Saturday, May 25, 2024

LSUS graduate honored in Forbes 30-Under-30 Europe list as a premier women’s soccer sports agent

by BIZ Magazine

LSUS graduate Takumi Jeannin appeared in the Forbes 30-under-30 Europe list published earlier this month, which honored the next generation of game changers in sports, gaming and media.

Jeannin developed into one of the most respected women’s soccer sports agents in the world, starting at the A&V Sports Group in 2017 as an intern and blasting up the corporate ladder to a partner and co-owner in seven short years.

The 29-year-old’s name is on the same list as some of the giants in women’s soccer, like Union of European Football Associations Player of the Year Aitana Bonmati after she led Spain to a World Cup title. The list also includes young stars in other sports as well as gamers and social media content creators.

Among Jeannin’s clients is the No. 1 draft pick in the National Women’s Soccer League Alyssa Thompson, and Jeannin became the first non-American to represent a top NWSL pick.

“Sometimes I don’t even realize being the first because the deals are so intense and you’re caught up in the moment,” said Jeannin, who grew up in Paris as the product of a French father and Japanese mother. “But when you’re being recognized by Forbes in this way, OK maybe all of this isn’t so bad.

“When I go to bed, I can’t wait to wake up and see what’s in store for the following day. It’s been a long journey, but no matter what industry you’re in, if you work hard and are true to your principles and values, people feel that and will gravitate toward you and want to work with you.”

That journey started by being placed in a trade school for secretaries following graduation from a French high school.

“But that wasn’t my path,” Jeannin said. “I was an 18-year-old whose dream of professional soccer was fading, and there wasn’t much I could have done education wise in France.”

Jeannin found his way to the United States via a soccer scholarship at the University of Mobile (Ala.), an NAIA member which plays in the same division at LSUS.

That familiarity with the LSUS name led him to choose the Master of Business Administration program when he was searching to strengthen his knowledge base in 2019.

“I always thought it would be useful to have an MBA in case I wanted a career in a more typical corporate field,” said Jeannin, a 2020 graduate. “But also in my undergraduate studies as a student-athlete, sometimes I was doing the bare minimum (academically).

“I wanted to obtain a higher level of knowledge and education. I didn’t necessarily need an MBA to become a partner at my agency, but the skills and knowledge I got in those 18 months allowed me to gain an understanding of the business world that’s crucial to my job.”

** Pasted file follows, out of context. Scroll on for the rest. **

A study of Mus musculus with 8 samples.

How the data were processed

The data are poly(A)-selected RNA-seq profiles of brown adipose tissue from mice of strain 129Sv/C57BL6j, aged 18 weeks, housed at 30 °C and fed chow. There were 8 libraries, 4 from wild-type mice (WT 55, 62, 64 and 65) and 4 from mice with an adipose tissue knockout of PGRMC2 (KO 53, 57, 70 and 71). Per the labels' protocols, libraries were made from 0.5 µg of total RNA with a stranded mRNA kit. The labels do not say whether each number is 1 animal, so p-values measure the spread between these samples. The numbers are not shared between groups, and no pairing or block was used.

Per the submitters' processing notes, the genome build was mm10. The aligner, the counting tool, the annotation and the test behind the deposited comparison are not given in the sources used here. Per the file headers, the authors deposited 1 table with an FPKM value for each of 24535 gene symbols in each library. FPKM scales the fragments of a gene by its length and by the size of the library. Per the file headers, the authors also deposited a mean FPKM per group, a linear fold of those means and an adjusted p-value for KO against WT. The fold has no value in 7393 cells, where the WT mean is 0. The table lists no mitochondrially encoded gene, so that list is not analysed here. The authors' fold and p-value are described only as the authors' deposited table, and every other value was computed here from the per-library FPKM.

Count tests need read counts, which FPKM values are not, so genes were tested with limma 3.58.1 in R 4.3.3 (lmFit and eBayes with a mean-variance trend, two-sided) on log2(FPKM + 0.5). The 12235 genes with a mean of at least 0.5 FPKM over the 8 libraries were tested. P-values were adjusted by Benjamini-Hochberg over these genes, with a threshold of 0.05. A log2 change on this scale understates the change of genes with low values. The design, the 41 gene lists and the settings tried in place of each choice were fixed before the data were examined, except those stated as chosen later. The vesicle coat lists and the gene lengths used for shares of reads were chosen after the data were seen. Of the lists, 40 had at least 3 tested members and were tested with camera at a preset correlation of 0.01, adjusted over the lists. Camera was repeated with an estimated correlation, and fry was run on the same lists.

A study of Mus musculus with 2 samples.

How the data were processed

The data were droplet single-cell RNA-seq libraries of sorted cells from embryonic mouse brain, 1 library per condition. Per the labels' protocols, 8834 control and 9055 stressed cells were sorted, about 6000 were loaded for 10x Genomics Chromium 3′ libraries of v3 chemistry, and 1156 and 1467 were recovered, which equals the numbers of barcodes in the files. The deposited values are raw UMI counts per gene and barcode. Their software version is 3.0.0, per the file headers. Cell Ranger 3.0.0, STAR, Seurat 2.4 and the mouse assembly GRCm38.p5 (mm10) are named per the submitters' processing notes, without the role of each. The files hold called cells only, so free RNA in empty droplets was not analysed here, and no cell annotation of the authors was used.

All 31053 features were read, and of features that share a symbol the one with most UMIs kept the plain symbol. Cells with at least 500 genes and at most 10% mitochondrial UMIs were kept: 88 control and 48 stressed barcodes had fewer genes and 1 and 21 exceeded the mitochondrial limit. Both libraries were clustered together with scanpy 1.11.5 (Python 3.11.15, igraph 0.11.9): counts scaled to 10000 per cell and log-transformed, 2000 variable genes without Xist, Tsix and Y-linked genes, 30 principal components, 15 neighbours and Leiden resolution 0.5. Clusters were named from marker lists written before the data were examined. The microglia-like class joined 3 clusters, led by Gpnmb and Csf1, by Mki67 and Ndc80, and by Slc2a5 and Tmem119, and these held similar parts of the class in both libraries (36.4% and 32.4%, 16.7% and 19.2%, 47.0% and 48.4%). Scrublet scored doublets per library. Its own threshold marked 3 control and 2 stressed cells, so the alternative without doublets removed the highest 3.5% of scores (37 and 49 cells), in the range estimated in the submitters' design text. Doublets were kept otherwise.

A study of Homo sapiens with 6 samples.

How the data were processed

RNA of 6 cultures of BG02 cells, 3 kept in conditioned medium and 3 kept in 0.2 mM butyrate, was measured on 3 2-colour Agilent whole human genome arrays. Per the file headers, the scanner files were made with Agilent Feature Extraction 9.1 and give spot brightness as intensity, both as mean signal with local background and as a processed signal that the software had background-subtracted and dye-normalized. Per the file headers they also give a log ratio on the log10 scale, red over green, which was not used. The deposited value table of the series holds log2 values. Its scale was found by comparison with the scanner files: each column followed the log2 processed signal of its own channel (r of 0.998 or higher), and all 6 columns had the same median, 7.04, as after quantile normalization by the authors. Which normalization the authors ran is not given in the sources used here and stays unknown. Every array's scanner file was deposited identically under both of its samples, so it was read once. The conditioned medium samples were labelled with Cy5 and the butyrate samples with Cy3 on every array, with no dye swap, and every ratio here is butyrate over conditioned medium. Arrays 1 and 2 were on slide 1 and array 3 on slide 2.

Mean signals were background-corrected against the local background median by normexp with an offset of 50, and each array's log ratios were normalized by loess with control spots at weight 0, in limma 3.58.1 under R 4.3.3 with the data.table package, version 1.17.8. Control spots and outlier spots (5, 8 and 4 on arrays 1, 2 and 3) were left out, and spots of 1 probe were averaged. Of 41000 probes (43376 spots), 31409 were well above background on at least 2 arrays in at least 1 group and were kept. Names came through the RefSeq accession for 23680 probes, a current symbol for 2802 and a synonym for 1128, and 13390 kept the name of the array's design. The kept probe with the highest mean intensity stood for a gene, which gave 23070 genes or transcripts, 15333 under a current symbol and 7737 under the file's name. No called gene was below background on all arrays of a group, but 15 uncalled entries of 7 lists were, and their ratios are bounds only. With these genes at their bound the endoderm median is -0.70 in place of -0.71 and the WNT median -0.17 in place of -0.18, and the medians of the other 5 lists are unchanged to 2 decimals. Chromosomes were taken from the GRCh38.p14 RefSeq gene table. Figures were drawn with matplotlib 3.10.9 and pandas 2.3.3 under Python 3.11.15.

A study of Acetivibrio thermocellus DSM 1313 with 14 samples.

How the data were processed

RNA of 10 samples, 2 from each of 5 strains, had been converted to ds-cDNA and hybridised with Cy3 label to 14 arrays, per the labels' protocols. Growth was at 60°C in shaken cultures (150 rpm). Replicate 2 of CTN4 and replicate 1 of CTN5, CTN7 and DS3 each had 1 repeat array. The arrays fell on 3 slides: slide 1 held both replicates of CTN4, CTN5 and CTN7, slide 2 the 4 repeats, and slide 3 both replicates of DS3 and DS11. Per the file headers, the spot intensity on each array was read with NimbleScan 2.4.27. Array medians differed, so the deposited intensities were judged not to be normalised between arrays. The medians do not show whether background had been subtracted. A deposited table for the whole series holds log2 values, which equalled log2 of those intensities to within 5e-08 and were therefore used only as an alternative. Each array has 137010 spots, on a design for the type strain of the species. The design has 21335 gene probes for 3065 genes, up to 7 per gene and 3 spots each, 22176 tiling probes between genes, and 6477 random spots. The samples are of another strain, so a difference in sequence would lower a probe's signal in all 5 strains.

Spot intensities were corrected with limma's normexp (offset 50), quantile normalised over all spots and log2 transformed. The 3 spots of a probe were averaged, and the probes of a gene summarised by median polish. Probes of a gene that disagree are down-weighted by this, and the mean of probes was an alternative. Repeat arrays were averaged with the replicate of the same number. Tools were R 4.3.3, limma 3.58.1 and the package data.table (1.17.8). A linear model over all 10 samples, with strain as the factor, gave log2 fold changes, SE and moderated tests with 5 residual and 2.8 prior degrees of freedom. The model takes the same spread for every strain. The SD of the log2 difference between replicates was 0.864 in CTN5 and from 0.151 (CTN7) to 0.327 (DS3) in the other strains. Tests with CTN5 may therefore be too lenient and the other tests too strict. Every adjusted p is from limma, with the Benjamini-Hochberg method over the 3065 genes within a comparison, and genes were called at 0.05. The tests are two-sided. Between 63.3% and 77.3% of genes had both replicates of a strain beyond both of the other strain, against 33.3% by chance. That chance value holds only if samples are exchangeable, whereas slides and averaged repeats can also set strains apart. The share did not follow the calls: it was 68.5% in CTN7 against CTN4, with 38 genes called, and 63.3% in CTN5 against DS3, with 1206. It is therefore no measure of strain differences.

Jeannin joined the A&V Sports Group when the agency was in its infancy in 2017, and he quickly earned the respect and trust of the founders with his hard work and dedication.

His sports agent path started by helping high school European soccer players find places to play and study in American colleges.

And then one day, a West Virginia University player whom the agency had placed for her collegiate career, was ready to explore professional opportunities back in Europe.

“Now these college players wanted to play professionally in France, and one of our founders Alan (Naigeon) saw an opportunity and the need for proper representation for professional women’s soccer athletes,” Jeannin said. “There are a lot of companies who do this now, but that wasn’t the case seven or eight years ago.

“It was a mix of a great business opportunity and trying to do the right thing to make a bigger impact in the sport that allowed us to gain this type of position.”

Aside from his personal accomplishments and relationships, Jeannin points to the growth of women’s soccer as a reason a strictly women’s soccer agent would appear on a Forbes’ list.

“When I received the email, I thought it was a prank at first,” Jeannin said. “But I’m proud because we represent the best players in the world, and I’m glad that an agent who just does women’s soccer can get this kind of recognition.

“Ten years ago, this wouldn’t have been considered.”

With the growth of women’s soccer and the continued progress of sports in general, Jeannin also said it’s time for more Asian representation in the sports agent industry.

“It’s a bit sad to see that Asian representation is hugely lacking in soccer and in sports in general,” Jeannin said. “I’ve never defined myself just by my ethnicity – I thought it would be something that would hold me back.

“It might make it harder in some ways to be a minority, but if you work hard and stay true to your values, there’s no reason people won’t trust you. Maybe a young Asian kid will see this, and maybe they’ll think that a career as a sports agent is possible for them.”

As for acquiring an education during this meteoric rise as a sports agent?

Jeannin credits the online flexibility of the LSUS program for making it possible.

“It was an intense ride – it wasn’t easy,” said Jeannin, who recommended the program to his friend and professional soccer player Bradley Kamdem, who is set to graduate this spring while playing in Canada. “If the format didn’t have the flexibility of online, it wouldn’t have been possible for me.

“As an aspiring full-time sports agent, I was extremely dedicated to my career, and LSUS provided the flexibility I needed. Without even realizing it, this MBA serves me on a daily basis because it allows me to be more efficient in handling tasks than I was before.”